Knife skills cuts


    • Hospitality Foundations
      Knife skills
    • Parts of a knife
      Knives are divided into 2 sections –
      The blade
      The handle
      http://www.cookingforengineers.com/article/130/Knife-Parts
    • TYPES OF KNIVES
      Sharpening steel or stone
      Palette knife
      Meat cleaver
      Bread knife (serrated)
      Turning knife
      East/West Knife
      Kitchen scissors
      Cooks knife
      Carving fork
      Utility knife
      Filleting knife
      Boning knife
      Paring knife
      Slicing knife
    • Knife sharpening
      Honing using a steel
      Hold the steel at an angle of 45 degrees with your thumb facing upwards on the handle.
      Maintain an angle of 10 degrees against the steel. Using a slicing motion, move the knife against the steel along its full length. Work from the heel of the knife to the tip.
      Stroke the other side of the knife against the steel the same way. Two or three strokes each side should be enough.
      Wash and dry the knife carefully.
    • Knife sharpening continued...
      Sharpening using a stone
      Put the stone securely lengthwise on a bench. A folded damp cloth under it will stop it from slipping.
      Smear the stone with water, oil or detergent – depending on the type.
      Hold the knife at 10 – 15 degree angle to the stone.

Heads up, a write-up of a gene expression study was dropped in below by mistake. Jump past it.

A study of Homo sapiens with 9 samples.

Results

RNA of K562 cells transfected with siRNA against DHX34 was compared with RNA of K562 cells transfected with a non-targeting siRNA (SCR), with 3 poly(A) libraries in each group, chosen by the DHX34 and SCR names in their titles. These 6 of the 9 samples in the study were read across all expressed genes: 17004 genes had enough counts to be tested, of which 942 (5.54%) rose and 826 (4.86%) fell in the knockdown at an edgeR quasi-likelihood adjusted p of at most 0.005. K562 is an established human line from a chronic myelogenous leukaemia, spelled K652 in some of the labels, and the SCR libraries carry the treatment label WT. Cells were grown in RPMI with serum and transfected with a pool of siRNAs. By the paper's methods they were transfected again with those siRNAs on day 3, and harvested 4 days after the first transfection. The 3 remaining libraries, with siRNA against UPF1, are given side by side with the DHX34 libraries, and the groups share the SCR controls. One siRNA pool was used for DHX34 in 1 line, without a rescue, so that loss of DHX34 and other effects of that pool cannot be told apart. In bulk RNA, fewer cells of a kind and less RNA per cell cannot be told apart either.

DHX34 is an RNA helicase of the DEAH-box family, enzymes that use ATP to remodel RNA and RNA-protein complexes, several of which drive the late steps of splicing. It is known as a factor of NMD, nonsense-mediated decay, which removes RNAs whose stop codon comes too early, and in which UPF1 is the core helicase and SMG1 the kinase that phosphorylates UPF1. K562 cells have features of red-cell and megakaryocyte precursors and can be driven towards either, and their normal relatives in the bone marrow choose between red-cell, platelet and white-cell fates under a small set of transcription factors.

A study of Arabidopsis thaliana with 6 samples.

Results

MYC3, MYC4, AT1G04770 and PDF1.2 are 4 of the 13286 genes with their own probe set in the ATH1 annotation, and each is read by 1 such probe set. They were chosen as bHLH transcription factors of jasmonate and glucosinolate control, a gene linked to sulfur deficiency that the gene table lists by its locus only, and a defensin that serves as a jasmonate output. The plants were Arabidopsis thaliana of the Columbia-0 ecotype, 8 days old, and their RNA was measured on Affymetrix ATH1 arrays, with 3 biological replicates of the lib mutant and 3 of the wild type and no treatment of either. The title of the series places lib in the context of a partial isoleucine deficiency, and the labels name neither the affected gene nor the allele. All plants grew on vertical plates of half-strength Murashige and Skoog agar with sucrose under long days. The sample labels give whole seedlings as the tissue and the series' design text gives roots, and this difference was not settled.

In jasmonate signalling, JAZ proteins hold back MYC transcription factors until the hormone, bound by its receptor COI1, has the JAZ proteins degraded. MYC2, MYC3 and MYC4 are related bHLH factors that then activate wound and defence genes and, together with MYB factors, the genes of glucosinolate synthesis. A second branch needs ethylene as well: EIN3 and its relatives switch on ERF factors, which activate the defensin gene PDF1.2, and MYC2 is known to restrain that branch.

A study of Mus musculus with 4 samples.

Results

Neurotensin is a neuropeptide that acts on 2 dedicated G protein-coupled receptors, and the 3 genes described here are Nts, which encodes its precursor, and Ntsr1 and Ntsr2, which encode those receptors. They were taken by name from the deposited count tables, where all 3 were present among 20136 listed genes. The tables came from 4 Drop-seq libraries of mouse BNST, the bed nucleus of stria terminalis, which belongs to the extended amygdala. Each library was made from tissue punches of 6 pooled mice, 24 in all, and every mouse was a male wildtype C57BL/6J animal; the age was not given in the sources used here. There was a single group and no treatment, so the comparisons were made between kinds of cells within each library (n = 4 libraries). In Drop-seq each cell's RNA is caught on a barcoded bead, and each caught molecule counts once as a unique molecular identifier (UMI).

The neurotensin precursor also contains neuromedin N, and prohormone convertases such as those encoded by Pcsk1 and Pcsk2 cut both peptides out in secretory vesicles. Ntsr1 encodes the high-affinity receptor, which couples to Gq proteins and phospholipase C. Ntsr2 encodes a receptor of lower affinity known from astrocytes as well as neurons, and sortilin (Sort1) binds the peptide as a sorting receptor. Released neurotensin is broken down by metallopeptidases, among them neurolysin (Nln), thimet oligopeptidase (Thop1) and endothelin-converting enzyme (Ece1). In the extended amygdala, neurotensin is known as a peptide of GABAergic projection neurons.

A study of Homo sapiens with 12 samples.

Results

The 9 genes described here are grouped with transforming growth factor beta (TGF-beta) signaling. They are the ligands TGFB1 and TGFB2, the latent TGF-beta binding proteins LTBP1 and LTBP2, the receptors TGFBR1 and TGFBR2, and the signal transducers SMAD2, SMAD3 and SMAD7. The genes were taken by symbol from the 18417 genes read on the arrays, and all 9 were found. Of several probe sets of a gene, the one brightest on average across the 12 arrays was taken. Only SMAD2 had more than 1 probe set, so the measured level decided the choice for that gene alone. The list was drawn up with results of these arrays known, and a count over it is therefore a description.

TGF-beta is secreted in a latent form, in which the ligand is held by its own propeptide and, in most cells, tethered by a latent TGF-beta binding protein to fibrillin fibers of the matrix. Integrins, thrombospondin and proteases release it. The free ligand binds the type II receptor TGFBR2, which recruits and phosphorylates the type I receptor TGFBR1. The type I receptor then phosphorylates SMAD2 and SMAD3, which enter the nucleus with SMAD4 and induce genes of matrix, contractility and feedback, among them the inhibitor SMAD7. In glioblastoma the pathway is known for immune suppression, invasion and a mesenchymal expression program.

Use long even strokes to move the knife along the whole length of the stone. Work the knife from heel to tip and alternate between sides.
      Clean the knife under cold running water to wash off grindings.
      Dry knife carefully.
    • Knife safety
      Always use the correct knife for the job
      Knives should always be kept sharp, blunt knives can cause injury due to excessive pressure applied to the knife
      The tip of the knife should ALWAYS point down when carrying a knife
      A knife should be placed flat on a chopping board when not in use
      Knives should be washed and wiped from the back of the knife
      Knives should be put away immediately after use
      Knives should never be left in a sink of water
    • Precision cutting
      This is the cutting of food, usually vegetables, into specific sizes and shapes in order to garnish/enhance the presentation of food.
      Julienne – long thin matchstick strips (3mm x 3mm x 40mm)
      Brunoise – very fine dice (3mm) [cut julienne first then dice]
      Jardinière – batons (4mm x 4mm x 20mm)
      Macedoine – large dice (8mm dice)
      Paysanne – thin slices (shapes vary)
      Chiffonnade – very fine shredding (lettuce, herbs etc)
    • Rough cutting
      This is the coarse cutting of food, usually vegetables that are not directly used for service i.e. Vegetables for stock, stew, soups.
      • Mirepoix is an example of a rough cut/dice and usually consists of onions, carrot, celery and leek.